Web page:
Zach Zaletel’s high school AP chemistry teacher started a discussion in class one day that turned out to be life changing for him. “What could be better,” said Zach, “Chemistry and problem solving combined into one!” It was this class that sparked his interest in chemical engineering.
In 2001, Zach attended McGill University in Montreal, Quebec, Canada graduating with a Bachelor of Science in chemical engineering. Though he had considered attending graduate school after completing his undergraduate degree, he also wanted to get his feet wet in the work world. “I needed to work for a few years to gain real-world knowledge.” Zach was able to get the experience he was looking for while working as an environmental consultant. This, in turn, broadened his curiosity and interest in the environmental field.
Zach moved to Alaska in fall 2005 and decided to pursue his master’s in environmental quality engineering at UAA. “Alaska seemed like a great place to learn about environmental engineering. It just made sense,” he said.
While at UAA, he worked closely with his advisors, Craig Woolard and Nyrée McDonald. “Craig provided initial guidance to me as I was entering the program, and suggested the work that turned into my research project. Nyrée provided me with the valuable support I needed toward the end of my research,” said Zach.
As a student at UAA, Zach was involved with the School of Engineering E-Week Student Competitions. This program gives students from kindergarten through high school the opportunity to compete in a number of small challenges at UAA exposing them to engineering. This competition challenges students to look at what resources they have available and use or combine them to the best of their ability to solve a problem. “It demonstrates and encourages students to become creative problem solvers,” he said.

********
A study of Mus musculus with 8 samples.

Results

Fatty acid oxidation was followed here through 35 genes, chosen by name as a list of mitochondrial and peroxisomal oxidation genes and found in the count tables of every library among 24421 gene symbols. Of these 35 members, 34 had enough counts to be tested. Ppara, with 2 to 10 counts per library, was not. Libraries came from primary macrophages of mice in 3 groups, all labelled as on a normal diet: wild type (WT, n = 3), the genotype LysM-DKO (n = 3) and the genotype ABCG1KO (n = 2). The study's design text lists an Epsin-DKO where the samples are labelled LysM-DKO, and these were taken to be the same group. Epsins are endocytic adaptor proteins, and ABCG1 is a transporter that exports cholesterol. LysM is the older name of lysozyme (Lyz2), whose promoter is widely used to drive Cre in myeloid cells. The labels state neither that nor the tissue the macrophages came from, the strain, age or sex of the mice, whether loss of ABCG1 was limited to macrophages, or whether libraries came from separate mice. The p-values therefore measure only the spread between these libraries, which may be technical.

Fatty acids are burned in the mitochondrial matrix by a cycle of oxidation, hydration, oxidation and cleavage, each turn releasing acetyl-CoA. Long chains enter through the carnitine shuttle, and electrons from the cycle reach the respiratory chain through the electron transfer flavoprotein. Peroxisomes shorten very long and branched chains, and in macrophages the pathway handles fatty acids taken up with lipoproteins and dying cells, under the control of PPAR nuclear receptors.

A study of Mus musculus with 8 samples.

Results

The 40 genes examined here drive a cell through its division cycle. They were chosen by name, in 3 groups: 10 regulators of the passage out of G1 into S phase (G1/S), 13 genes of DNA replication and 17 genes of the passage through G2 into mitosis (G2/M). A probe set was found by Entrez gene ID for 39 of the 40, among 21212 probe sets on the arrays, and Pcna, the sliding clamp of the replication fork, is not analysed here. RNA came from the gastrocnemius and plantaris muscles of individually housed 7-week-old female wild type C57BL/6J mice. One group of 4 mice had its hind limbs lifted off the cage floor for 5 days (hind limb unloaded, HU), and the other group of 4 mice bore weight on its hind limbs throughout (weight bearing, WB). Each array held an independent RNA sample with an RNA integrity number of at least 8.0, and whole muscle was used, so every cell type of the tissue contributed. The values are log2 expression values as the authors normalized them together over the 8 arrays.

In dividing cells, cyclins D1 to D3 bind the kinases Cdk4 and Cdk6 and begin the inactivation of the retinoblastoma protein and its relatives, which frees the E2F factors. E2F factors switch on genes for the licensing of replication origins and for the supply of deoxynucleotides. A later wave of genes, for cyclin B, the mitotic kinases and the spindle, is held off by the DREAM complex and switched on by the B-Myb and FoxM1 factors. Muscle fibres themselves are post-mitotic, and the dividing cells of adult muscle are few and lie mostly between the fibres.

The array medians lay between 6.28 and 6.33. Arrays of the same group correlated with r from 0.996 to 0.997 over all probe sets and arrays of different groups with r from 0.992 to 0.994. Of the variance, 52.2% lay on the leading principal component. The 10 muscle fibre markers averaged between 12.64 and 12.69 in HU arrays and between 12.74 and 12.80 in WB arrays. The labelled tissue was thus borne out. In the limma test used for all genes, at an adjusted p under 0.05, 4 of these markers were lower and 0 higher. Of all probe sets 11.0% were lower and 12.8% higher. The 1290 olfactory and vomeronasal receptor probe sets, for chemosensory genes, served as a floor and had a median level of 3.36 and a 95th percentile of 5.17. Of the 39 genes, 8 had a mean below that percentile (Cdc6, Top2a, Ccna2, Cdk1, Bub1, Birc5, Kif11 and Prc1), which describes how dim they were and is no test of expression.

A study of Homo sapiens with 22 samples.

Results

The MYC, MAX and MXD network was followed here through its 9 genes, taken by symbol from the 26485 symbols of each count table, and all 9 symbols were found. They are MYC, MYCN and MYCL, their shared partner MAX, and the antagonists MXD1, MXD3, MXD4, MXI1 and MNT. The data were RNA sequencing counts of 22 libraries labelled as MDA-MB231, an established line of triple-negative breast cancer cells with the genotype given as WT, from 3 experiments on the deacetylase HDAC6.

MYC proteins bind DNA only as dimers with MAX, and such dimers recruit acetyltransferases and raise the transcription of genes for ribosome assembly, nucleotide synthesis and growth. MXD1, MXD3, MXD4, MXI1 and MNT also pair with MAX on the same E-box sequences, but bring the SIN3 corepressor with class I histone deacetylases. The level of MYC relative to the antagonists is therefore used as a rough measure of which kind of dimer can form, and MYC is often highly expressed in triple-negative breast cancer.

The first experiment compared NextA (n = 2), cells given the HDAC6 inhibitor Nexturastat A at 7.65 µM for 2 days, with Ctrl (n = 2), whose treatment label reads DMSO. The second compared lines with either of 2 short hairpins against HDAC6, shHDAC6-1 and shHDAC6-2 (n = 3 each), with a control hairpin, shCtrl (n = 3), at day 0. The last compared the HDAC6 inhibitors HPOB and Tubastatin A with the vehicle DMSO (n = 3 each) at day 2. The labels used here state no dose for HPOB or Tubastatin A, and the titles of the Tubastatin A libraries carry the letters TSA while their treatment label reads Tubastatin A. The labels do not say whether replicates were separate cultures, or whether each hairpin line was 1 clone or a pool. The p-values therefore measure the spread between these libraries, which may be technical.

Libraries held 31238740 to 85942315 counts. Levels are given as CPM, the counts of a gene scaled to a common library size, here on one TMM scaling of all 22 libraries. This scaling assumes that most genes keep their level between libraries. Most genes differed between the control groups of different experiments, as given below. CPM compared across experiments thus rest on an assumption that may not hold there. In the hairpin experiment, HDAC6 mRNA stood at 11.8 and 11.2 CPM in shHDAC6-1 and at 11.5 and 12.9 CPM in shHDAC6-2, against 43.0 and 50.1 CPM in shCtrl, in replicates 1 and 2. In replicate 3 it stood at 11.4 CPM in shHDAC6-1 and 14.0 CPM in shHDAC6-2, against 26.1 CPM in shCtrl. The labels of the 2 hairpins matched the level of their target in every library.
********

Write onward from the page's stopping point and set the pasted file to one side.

Completing his research project was one of Zach’s most rewarding experiences at UAA. He spent a week testing capacitive deionization water treatment equipment in Chefornak, a small village on the lower Kuskokwim delta, hoping to develop an energy efficient way to remove dissolved solids from their water. The deposits negatively influence the look, taste and overall quality of the water if not correctly treated. The aquifer that the Chefornak drinking water is drawn from has very high levels of zinc, he said, which while not at levels that are problematic for human health, do significantly detract from its quality.
The opportunity to take my research into the field and work in Chefornak was an invaluable and a gratifying opportunity that I will never forget,” he said.
Given that Zach still lives and works in Alaska, maintaining contact with his previous professors is important to him. “In 2008, I was asked to take over the organization of the E-Week Student Competitions at UAA. I now have the opportunity to work collaboratively with the School of Engineering on an annual basis.”’
Zach says UAA is important to both the communities in Alaska and to the state as a whole. “The University prepares students for careers in many important fields of work throughout the state. In addition, it provides facilities for research, thought and innovation that are essential parts of a thriving and vibrant community.”
Currently, as the process technical lead at Doyon Emerald, Zach’s primary responsibilities include working with and leading the engineering team. Some of his team’s projects include, conceptual development work for an in-state natural gas pipeline from the North Slope to Fairbanks and Southcentral, conducting risk assessment studies and helping support its sister Doyon companies in their work. Recently Zach and his team helped with the construction and transport of the newest Doyon Drilling rig, Rig 25. They also provide studies for various Federal agencies such as the Federal Aviation Administration (FAA) and the National Aeronautics and Space Administration (NASA).
But, when Zach isn’t in the field or problem solving, he enjoys the outdoors. “I really like anything that gets you moving outside like hiking, biking and skiing. I also enjoy tinkering with classic vehicles.”
“As someone new to Alaska, UAA provided me with the opportunities I needed to connect to a network of professionals in Anchorage and around the state that continues to pay dividends to this day.”